Your Online Security: Don’t forget to look at where you are
While many aspects of your online security are out of your control (hackers breaking into your bank, a website that you shopped at previously, etc.) a few are.
You have been repeatedly reminded to choose strong passwords and not to click on links in email. I’m here to remind you to also read the URLs of sites that you end up at. Phishing schemes are getting very good and they (along with other coincidental situations) can get even the best of us.
Here is how I came to give away my twitter login this week:
First, let me say that I am rarely on Twitter. I mainly use it for #bashtagging. Last week I needed some customer service from a company and discovered that they have moved their support from email to twitter. Fine. I asked my question and waited for the answer. A day later I wondered what had happened and checked my junk mail folder–there it was.
Clearly the easiest way to have a conversation is to have these notifications come to my inbox and for me to click on the link to reply. After a couple of training clicks in Apple Mail the flow started working.
Shortly after this hurdle was removed I received another message from a friend via twitter using a perfectly matched Twitter template. Real logos, real and proper use of English, etc. Not thinking much of it I clicked the link and was taken to a perfect replica of a twitter login page.
I did not question that I had to log in because I had an incognito browser window open at the time which I was using to compare the logged-in version of a website to the anonymous-visitor version. When you are running an incognito window it does not use any of your saved cookies and you will be asked to log into websites you visit, even if they allow persistent cookies.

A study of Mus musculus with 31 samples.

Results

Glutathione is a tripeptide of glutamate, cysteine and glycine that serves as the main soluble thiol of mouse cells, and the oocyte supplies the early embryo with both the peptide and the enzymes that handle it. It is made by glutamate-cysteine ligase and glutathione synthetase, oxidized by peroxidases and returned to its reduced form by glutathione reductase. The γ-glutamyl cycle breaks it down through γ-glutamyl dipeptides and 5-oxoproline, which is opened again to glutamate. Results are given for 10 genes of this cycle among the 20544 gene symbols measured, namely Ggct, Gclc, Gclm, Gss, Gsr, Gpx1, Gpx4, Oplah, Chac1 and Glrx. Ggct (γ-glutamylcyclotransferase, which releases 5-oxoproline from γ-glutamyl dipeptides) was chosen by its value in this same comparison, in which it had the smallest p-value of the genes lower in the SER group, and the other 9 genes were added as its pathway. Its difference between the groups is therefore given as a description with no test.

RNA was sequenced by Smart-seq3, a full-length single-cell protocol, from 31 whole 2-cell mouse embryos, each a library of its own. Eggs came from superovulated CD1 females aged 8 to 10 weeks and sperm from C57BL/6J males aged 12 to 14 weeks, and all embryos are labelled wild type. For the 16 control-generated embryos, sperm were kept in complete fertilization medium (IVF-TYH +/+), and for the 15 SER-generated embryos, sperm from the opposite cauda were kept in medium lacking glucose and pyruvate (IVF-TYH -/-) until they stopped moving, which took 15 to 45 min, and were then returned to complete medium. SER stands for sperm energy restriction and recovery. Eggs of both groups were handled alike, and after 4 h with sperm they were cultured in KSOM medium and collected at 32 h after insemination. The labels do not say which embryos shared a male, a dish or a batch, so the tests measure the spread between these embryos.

Since I was in one of those rush modes I typed in my login and it failed. I looked at the address bar (which I do 99.999% of the time) and lo and behold, it was not twitter.com, it was twitire.com, harborers of spam and god knows what else. Fuck.
So I got to spend the evening double-checking all of the logins for all of my online services and make changes as needed so these guys don’t get to be me.
While many ISPs will probably have this domain blocked soon enough, the takeaway lesson is: The Internet is kind of like New York: one wrong turn and you can find yourself very quickly in a bad neighborhood. Make sure to read the street signs as you go.